Or so it seems. Truth be told, I can't pinpoint exactly how long this interminable sequence goes on, because during that portion of this dreadful action-comedy, my brain was so numb that even a lobotomy would have been a welcome diversion. Charitable critics and moviegoers -- and I mean "charitable" to the extent that Mother Teresa comparisons are in order -- might describe Hollywood Homicide as the perfect popcorn picture, but even that's provided you like your bag filled with burnt pieces and unpopped kernels.
Among the astonishing number of jokes that don't work in this "buddy cop" flick, one that's given a merciless amount of screen time involves the efforts of greenhorn cop K.C. Calden (Josh Hartnett) to make it on the side as an actor. He spends the entire movie rehearsing the Stanley Kowalski role in Tennessee Williams' A Streetcar Named Desire, and when we finally see the finished product on stage, it's expectedly dreadful. But the scene isn't funny because it quickly sinks in that this entire big-budget movie isn't any better than K.C.'s amateur attempt at Kowalski -- with a sickening sensation in our stomachs, we realize that the joke isn't on K.C. Calden; the joke's on us, the paying audience.
Or maybe the joke's on Harrison Ford. Ford's been a personal favorite ever since he burst onto the scene as cocky mercenary Han Solo in Star Wars, but at this stage in his career, there's no way to defend his choices anymore. A fine actor who once felt comfortable enough to stretch himself (see The Mosquito Coast, for starters), Ford has long given up even trying to make movies that matter, preferring instead to churn out generic films that don't even allow him to play heroes but rather shadows of heroes. While superstars like Tom Cruise, Tom Hanks and even Mel Gibson continue to challenge themselves with risky roles and risky projects, Ford is content to collect hefty paychecks for below-par projects and wallow in mid-life crisis mode. His claim a few years ago that he was interested in cutting-edge fare was nothing but smoke-blowing, as witnessed by the fact that he was offered -- and eventually turned down -- a prominent role in Steven Soderbergh's Oscar-winning Traffic (Michael Douglas, no stranger to daring films, took the part instead).
In Hollywood Homicide, Ford simply looks tired and bored. As Joe Gavilan, a veteran cop who's assigned alongside his young partner K.C. to investigate the murders of four rap musicians, he occasionally tries to bring a light touch to the proceedings, but the sharp comic timing he exhibited in his earlier pictures (most notably Working Girl) just isn't there. Still, he's better than stiff co-star Hartnett, a current Next Big Thing who, if there's any justice, will be a Where Are They Now? before the decade's out. Not that either actor is helped by the paint-by-numbers profiling of their characters. Ford's Gavilan is a gruff career cop with several failed marriages; he eats greasy cheeseburgers on the job, downs hard liquor after hours, and barks at everybody around him. Hartnett's Calden is a sensitive, fresh-faced kid who doesn't eat meat, tries to avoid violence, and, as a yoga practitioner, constantly tries to "center" himself during moments of crisis. You want more? One of the villains behind the rap slayings also just happens to be the guy who killed Calden's dad many years earlier, and the woman that Gavilan is currently bedding -- a radio show psychic played by Lena Olin -- also just happens to be the ex-wife of the Internal Affairs grunt (Bruce Greenwood) presently investigating Gavilan. Are they kidding with this stuff?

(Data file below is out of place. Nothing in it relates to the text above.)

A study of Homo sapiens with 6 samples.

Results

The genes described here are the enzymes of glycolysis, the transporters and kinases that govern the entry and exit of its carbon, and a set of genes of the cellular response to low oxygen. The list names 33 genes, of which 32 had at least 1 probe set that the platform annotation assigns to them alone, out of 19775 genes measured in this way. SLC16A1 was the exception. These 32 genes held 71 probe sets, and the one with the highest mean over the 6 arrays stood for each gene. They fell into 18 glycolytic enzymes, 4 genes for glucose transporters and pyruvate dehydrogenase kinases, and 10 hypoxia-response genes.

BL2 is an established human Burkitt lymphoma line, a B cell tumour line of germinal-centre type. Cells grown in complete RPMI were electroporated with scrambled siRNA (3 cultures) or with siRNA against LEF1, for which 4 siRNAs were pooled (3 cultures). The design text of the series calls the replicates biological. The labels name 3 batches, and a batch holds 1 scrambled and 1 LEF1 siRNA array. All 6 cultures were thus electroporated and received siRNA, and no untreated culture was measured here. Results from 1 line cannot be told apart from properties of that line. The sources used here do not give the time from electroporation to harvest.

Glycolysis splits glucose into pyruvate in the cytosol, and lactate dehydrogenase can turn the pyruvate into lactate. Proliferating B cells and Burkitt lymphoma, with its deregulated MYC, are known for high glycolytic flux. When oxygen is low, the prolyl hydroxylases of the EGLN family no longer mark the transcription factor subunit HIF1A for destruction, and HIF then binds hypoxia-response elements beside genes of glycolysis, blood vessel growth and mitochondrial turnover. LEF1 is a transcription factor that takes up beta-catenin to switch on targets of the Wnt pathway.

Director-cowriter Ron Shelton, a long way from the career high point of Bull Durham, and co-scripter Robert Souza, a former cop who served as consultant on Shelton's recent flop Dark Blue, have crammed the picture with the sort of forced comedy generally found in bad Nora Ephron movies. The most lamentable running gag -- next to Hartnett's acting aspiration -- finds Gavilan working a second job as a realtor, which leads to countless scenes in which his police work is interrupted by his ringing cell phone, at which point he takes time out from, say, arresting a suspect or chasing a criminal to try to hammer out a deal over the phone. I don't think I'm alone in believing that a ringing cell phone -- especially one that plays a tune -- is one of the most annoying sounds to spring out of modern civilization, and hearing Gavilan's damn contraption go off repeatedly throughout the film isn't exactly the best way to draw an audience into the picture. Then again, neither is the scene in which Calden commandeers a car for a high-speed chase while the passengers, a terrified mom and her two hysterical kids, are shrieking their heads off, convinced they're going to die. Har har, indeed.
With the comic quotient a no-go, the picture needs some killer action sequences to serve as its saving grace, but you don't get any here. Besides the climactic chase sequence that truly does seem to go on forever, the rest of the supposedly adrenaline-pumping pieces are clumsily staged and rarely exciting -- and matters aren't helped by the fact that even Stevie Wonder could see that it's not Harrison Ford but rather his stunt double handling the duties during the more arduous moments.
Dumb and Dumberer: When Harry Met Lloyd, the sequel to 1994's Dumb and Dumber, also opened this past weekend; having despised its predecessor, I elected to pass over it. In hindsight, though, maybe I picked the wrong movie to skip. After all, it's hard to believe anything could be more witless than Hollywood Homicide.